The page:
Clear Speech: It’s Not Just About Conversation

By Kathi Mestayer

In the Spring 2018 issue of Hearing Health, we talk about ways to help our conversational partners speak more clearly, so we can understand them better.

But what about public broadcast speech? It comes to us via phone, radio, television, and computer screen, as well as those echo-filled train stations, bus terminals, and airports. There’s room for improvement everywhere.

  This digital oscilloscope representation of speech, with pauses, shows that gaps as short as a few milliseconds are used to separate words and syllables. According to Frank Musiek, Ph.D., CCC-A, a professor of speech, language and hearing sciences at the University of Arizona, people with some kinds of hearing difficulties require longer than normal gap intervals in order to perceive them.    Credit: Frank Musiek

This digital oscilloscope representation of speech, with pauses, shows that gaps as short as a few milliseconds are used to separate words and syllables. According to Frank Musiek, Ph.D., CCC-A, a professor of speech, language and hearing sciences at the University of Arizona, people with some kinds of hearing difficulties require longer than normal gap intervals in order to perceive them.
Credit: Frank Musiek

In some cases, like Amtrak’s 30th Street Station in Philadelphia [LISTEN], clear speech is a real challenge. The beautiful space has towering cathedral ceilings, and is wildly reverberant, like a huge echo chamber. Even typical-hearing people can’t understand a word that comes over the PA system. Trust me; I’ve asked several times.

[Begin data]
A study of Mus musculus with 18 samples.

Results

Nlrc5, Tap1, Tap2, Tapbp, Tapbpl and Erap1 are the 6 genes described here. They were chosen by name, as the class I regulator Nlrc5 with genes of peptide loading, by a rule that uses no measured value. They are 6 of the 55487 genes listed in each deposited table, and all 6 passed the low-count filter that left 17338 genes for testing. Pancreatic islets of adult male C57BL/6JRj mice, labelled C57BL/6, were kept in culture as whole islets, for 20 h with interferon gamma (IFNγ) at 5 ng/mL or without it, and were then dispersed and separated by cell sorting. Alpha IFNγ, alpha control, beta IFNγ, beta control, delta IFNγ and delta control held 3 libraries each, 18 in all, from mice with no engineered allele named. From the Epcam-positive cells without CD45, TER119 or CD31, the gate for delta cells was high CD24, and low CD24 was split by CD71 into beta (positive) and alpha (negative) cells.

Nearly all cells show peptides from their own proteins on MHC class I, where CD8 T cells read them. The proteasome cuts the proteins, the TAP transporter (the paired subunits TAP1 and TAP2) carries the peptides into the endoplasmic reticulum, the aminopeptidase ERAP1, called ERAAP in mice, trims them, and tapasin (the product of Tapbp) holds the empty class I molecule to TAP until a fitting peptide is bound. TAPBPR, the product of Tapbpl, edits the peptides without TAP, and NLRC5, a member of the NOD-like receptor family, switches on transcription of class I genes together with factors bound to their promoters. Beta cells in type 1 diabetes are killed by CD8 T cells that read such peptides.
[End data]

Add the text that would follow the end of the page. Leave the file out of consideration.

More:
In that space, a large visual display in the center of the hall and the lines of people moving toward the boarding areas get the message across: It’s time to get on the train. I wonder why they even bother with the announcements, except that they signal that something is going on, so people will check the display.

Radio is very different, at least in my kitchen. There are no echoes, so I can enjoy listening to talk radio while I make my coffee in the morning. The other day, the broadcast about one of the station’s nonprofit supporters was described as: “…supporting creative people and defective institutions…”

Huh? That couldn’t be right. It took a few seconds for me to realize what had actually been said: “supporting creative people and effective institutions.” Inter-word pauses are one of the key characteristics of clear speech. A slightly longer pause between the words “and” and “effective” would, in this case, have done the trick.

In the meantime, I chuckle every time that segment airs (which is often), and wonder if anyone else thinks about the defective institutions!

Staff writer Kathi Mestayer serves on advisory boards for the Virginia Department for the Deaf and Hard of Hearing and the Greater Richmond, Virginia, chapter of the Hearing Loss Association of America.